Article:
The name Christmas originates from the words “Christ’s Mass,” but our Christmas traditions are not only born of the Christian faith. Our modern Christmas traditions stem from a myriad of cultures, faiths, and times. Last year we wrote a blog on Old Christmas and traditions associated with it.
It is likely that Jesus’ birth actually occurred in the Spring. The verses in the Bible refer to shepherds out watching their flock at night, something only done during lambing time in the Spring. While we can’t be entirely certain of the time of Jesus’s birth, we do know that it was Pope Julius I who made December 25th Christ’s birthday in 350 CE to coincide with pagan holidays. Previous dates that had been offered included December 6th and March 25th.
The preceding pagan holidays included the birthday of the Persian sun god Mithras and the winter solstice holidays of Saturnalia (Roman) and Yule (Viking/Norse). Most Romans were still pagan in 350 CE and Pope Julius I reasoned it would be easier to transition Romans to Christianity if celebrations and traditions overlapped.
The original Saint Nicholas was a Greek Orthodox Bishop in Turkey in the 4th century. He inherited a fortune from his parents, but decided to go into the church and gave away his wealth to the needy. He is the patron saint of children. He is also the patron saint of sailors for saving ships from storms at sea. He died in the middle of the 4th century on December 6th. Beyond this, the majority of the mythos was shaped by pagan belief systems and publications in the 19th and 20th centuries.
Various beliefs leading to the figure of Santa Claus included Norse god Odin and Old Man Winter, figures worshipped by pagans who brought on the Winter season. It is believed that Thor, a Norse god of thunder who rode in an iron chariot pulled by the goats Gnasher and Cracker influenced some of our images of Santa Claus in his sleigh. The name Kris Kringle comes to us from the German Christkindl, an angelic figure who gave gifts to deserving children.
It wouldn’t be until the 1800s that many of our modern images of Santa Claus were formed. The poem A Visit from St. Nicholas (known better as ‘The Night Before Christmas”) introduced the ideas of Santa coming down the chimney and of him having eight reindeer. In 1863, cartoonist Thomas Nast depicted Santa as we see him today – bearded and plump (he’d been envisioned in various forms, but was usually thin.) His name came from the Dutch – “Sinterklaus.” In France, he’s known as Père Noël, and in China, he’s known as Sing Dan Lo Yan (meaning “Christmas Old Man).
In other countries, it’s a different figure who brings gifts to children. In Spain and South America, the Three Kings bring presents. In Italy, La Befana, a kindly old witch, gives sweets to good children and coal to bad children. In Russia, it’s the Babushka or Grandfather Frost and in Scandinavia a tribe of gnomes deliver gifts.
Although Santa had his reindeer since the early 1800s, he didn’t have Rudolph until 1939. The story of Rudolph was written to attract people to a department store chain. It wasn’t until 1949 that his story was set to music. Rudolph was almost named Rollo or Reginald, but the author’s four-year-old daughter liked Rudolph the best.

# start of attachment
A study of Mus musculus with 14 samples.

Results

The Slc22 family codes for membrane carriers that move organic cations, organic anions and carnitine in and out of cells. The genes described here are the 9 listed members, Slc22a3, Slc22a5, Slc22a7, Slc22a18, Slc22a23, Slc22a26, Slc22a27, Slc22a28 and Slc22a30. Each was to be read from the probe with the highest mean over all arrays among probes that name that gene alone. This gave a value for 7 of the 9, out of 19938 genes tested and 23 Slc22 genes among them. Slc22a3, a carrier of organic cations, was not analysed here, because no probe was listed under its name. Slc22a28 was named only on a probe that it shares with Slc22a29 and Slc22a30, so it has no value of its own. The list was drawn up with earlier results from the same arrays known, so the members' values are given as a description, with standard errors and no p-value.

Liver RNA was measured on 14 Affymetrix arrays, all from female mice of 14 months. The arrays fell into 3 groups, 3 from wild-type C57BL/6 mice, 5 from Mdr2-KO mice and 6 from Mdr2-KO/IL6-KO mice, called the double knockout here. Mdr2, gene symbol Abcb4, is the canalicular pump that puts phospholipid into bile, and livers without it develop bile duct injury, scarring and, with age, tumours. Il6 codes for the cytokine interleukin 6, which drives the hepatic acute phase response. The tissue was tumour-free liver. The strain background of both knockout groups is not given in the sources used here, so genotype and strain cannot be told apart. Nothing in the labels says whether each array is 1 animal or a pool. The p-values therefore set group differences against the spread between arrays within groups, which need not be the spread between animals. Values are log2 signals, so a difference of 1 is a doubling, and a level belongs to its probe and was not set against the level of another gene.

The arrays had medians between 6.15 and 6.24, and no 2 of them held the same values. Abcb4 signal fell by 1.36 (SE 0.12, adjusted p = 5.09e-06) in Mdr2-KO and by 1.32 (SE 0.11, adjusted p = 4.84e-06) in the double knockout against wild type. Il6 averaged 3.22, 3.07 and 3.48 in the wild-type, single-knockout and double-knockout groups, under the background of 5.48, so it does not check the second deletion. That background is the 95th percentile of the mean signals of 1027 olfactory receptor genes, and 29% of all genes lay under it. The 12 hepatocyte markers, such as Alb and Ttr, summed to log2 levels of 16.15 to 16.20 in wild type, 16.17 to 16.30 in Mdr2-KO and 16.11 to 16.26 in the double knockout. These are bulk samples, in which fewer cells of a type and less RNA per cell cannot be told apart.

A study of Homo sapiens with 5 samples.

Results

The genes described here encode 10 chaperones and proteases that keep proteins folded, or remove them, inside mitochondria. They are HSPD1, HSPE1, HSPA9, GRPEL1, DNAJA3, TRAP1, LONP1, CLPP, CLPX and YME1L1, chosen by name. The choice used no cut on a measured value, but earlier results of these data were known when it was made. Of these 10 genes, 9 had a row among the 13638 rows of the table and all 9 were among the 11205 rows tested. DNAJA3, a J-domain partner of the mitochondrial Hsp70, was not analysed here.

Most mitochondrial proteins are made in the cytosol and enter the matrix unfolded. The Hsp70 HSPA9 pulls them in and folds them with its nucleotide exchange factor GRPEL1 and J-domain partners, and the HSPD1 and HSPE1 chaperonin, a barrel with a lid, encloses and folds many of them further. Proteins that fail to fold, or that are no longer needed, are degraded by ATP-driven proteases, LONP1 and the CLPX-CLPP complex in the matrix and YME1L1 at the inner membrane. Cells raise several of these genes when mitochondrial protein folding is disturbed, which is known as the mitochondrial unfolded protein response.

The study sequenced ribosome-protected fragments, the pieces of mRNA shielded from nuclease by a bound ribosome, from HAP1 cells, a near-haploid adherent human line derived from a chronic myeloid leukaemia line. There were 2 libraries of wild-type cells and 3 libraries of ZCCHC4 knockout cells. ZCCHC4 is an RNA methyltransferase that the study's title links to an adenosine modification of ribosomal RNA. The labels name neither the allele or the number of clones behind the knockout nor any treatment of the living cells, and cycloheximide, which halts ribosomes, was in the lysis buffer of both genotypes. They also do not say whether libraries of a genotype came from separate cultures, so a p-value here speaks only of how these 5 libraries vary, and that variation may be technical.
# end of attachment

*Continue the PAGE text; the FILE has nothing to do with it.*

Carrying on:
The Christmas tree is an amalgamation of various pagan traditions. The Norse and Romans both decorated their homes with evergreens during the winter. Evergreens were considered lucky by the Romans during their holiday Saturnalia which celebrated the god Saturn.
However, it was the Norse who brought holly, ivy, and trees into their houses during the winter months, but the Romans were the ones to decorate their trees. They previously decorated trees with foods. Glass ornaments became en vogue only in the 1880s. Poinsettias come from Mexico and are associated with Christmas. In a story about poinsettias, a poor boy didn’t have anything to give to the church altar on Christmas Eve, so he knelt outside the church and prayed. Where he had knelt, the poinsettias sprung up.
The origin of stockings comes from a story about St. Nicholas, the inspiration for Santa Claus. St. Nicholas overheard a father and his three daughters lamenting that they didn’t have enough money for food or clothing. So, he went home and got the inheritance his parents had left him and threw nuggets of gold down their chimney. The gold landed in the three girls’ stockings, which were hung to dry by the fire. In Appalachia, it is common to put oranges, apples, and walnuts into stockings. This may have originated from 12th century French nuns who left stockings of fruits and nuts at houses of the poor. In the past, citrus fruit was a luxury and would be an appropriate gift.
Caroling was actually not always exclusive to Christmas. It was done on many different holidays, but has only stuck to Christmas in our modern era. Advent calendars are used to count down the days until Christmas. In the past, there were many ways to do this, but it wasn’t until the 19th century that we got the modern iteration of the calendar. The first ones to appear were handmade, but in the 1900s, commercial calendars were produced.
Christmas traditions vary regionally, even in the same country. Someone from the West Coast may have different traditions than someone from Appalachia. Our modern Christmas traditions come from various countries, cultures, and points in time.